I was speaking with a student in my Benzo Recovery School, trying to help her soothe her benzo-troubled mind. And it got me thinking about benzo withdrawal and how it hijacks our mind. Only, it happens very slowly. It's subtle. It sneaks up on us.

We notice the intrucive thoughts, and we notice the rumination, thought that one is a little more sneaky. It's a little less obvious. Intrusive thoughts are obvious. They come rushing out of some dark tunnel like a bullet-train from hell.

The terrifying thought smashes us right in the chest, and we feel it in our stomach.


"What if we don't heal!"


We think, "OMG! No! Make it stop. I don't want to think these thoughts!"


It's torturous. The more we try to resist, the quicker, more intense, and more frequent they come! Which is a teachable moment. Stop resisting them. Stop pushing them away. But I digress. We see intrucive thoughts coming, but rumination is sneaky. We can ruminate for 16 hours before we catch on. We can ruminate for days or months before someone points it out.

However, we can go further in this sneak mental invasion and hostile takeover. The withdrawal-induced fear, anxiety, depression, trauma, etc., take over our mind so that, much like a tapeworm, burrows deep into our psyche. It latches on with its many hooks, and it begins feeding.


We develop maladaptive coping mechanisms, faulty beliefs, negative self-image and world image, cognitive distortions... our entire perception is taken over. And we can't see it. We think our thoughts are our own, but they're largely not. Therefore, we cannot trust them fully. This information is not meant to trigger you but to offer relief knowing that you do NOT have to entertain these scary thoughts. They're not real.


The tragic part in this is once you're on the other side, you'll realize this deeply on your own, but now is when you really need it. Whatever you're afraid of, whatever has you sad, all those problems are being presented to you in an amplified and distorted way. This realization was a revelation for me during my Benzo withdrawal. It was concerning at first, but I can't say I was shocked. It meant for me that I needed to pay extra special attention to my thoughts, my thinking, and my beliefs. I realized I needed to be careful with the words I thought and spoke. It actually brought me back to the simplicities of the Zen mind, where we are always aware, always sharp, and always with the wisdom that unaware thoughts can have.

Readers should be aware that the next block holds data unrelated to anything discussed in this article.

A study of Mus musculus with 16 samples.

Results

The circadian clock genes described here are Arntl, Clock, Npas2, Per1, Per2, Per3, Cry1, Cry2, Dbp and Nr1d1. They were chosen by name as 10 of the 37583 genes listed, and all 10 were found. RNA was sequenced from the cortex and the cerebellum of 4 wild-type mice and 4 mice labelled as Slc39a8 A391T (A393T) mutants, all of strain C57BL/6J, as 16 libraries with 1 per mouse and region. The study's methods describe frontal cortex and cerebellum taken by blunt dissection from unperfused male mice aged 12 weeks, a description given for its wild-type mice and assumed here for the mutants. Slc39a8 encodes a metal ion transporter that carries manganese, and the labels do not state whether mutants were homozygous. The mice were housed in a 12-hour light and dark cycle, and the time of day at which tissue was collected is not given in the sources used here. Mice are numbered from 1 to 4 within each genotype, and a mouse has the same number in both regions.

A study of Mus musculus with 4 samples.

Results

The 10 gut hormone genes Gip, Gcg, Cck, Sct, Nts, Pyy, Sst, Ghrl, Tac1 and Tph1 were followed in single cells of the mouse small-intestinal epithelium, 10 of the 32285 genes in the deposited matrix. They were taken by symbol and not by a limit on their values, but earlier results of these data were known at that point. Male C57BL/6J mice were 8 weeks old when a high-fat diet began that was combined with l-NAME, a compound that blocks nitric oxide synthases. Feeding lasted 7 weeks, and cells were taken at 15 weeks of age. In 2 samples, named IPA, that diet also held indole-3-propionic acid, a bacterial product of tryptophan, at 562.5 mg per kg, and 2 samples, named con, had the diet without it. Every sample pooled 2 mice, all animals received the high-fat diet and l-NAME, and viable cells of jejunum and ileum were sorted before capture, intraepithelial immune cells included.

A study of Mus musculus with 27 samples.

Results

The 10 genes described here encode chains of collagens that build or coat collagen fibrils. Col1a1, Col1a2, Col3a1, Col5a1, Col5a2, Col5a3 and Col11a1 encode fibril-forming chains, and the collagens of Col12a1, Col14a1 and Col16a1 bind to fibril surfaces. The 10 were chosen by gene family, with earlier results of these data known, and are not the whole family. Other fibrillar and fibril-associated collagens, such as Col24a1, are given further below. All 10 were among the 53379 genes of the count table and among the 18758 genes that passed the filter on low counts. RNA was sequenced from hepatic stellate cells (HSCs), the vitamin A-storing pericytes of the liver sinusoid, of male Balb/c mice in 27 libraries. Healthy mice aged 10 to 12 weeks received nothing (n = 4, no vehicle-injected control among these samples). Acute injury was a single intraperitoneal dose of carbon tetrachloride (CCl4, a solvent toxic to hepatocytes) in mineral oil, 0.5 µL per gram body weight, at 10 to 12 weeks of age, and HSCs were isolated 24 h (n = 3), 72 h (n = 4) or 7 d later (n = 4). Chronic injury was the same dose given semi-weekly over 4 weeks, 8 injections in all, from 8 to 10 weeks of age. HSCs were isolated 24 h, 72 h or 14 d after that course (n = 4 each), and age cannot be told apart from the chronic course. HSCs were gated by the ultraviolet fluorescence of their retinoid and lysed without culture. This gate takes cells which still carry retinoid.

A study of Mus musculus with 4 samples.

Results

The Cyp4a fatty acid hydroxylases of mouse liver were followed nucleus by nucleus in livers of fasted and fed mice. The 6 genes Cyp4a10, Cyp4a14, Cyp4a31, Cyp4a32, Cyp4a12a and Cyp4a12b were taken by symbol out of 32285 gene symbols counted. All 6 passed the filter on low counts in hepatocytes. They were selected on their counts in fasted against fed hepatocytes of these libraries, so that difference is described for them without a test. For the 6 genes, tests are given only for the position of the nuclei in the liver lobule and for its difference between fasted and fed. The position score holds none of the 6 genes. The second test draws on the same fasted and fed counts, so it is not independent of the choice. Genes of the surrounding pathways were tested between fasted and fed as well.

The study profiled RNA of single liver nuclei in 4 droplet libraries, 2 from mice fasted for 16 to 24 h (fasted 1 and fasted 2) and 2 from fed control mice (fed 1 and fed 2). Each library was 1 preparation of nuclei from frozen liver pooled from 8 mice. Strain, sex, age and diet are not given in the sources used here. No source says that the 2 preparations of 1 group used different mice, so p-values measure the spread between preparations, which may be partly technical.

See, thoughts have a way of going on autopilot. That's where the hijacking takes place when we are on autopilot. The challenge is, fear is a magnet and pulls us away from our awareness.


Fear puts us on autopilot. Do you get it? Fear puts us on autopilot. This is a damn crucial first step in correcting the problem.

The Art of War says that we must first know our enemy if we are to conquer our enemy. This is why mindfulness is so important. And please, don't mistake mindfulness for Zazen (sitting in meditation, because they're different. I'm talking about informal mindfulness, increased awareness of the present moment (and our thoughts), but a space of consciousness free of judgment and with a sense of vulnerability (stop gripping the steering wheel so tightly!) Take solitude in the simplicity of your recovery. Be aware that your mind is hijacked by benzo-induced fear and sadness. Don't entertain it. Don't react to it. Don't react because of it.

Keep it simple. Focus on your work. Focus on the moment, and all of the good, wherever you can find it. (hint) Seek it out!


Think of it this way. It's not all that different than when we are sad, and how our depressive thoughts can make us think everyone hates us, no one likes us, or that we aren't good enough, and that life is so much darker than it really is.


It's only when you come out of that deep dive in that cold dark ocean, and you come up for air again, that you can truly see the distinction between the two worlds. Or how when you're so damn angry, perhaps in a bit of a rage, you feel so justified in your anger and overreactions. Try telling someone that is angry to "calm down," and they'll usually shout back, "I AM calm!" They can't see it.

Even love can manipulate our minds. How many of us have been utterly and foolishly in love with someone we thought was amazing, but everyone else could see the reality. We couldn't see it until we were out of the relationship, and some time had passed. Then, looking back, it was so obvious!


In closing, my friends, take Coach Powers's advice on this one. Do your best to keep a keen eye on your mind, and remember, don't give those wildly exaggerated spam mail more attention than it deserves. It can be done just as a person in anger becomes self-aware and calms themselves. We can ease our fears.


Until next time. Keep your head up, and keep working on your recovery.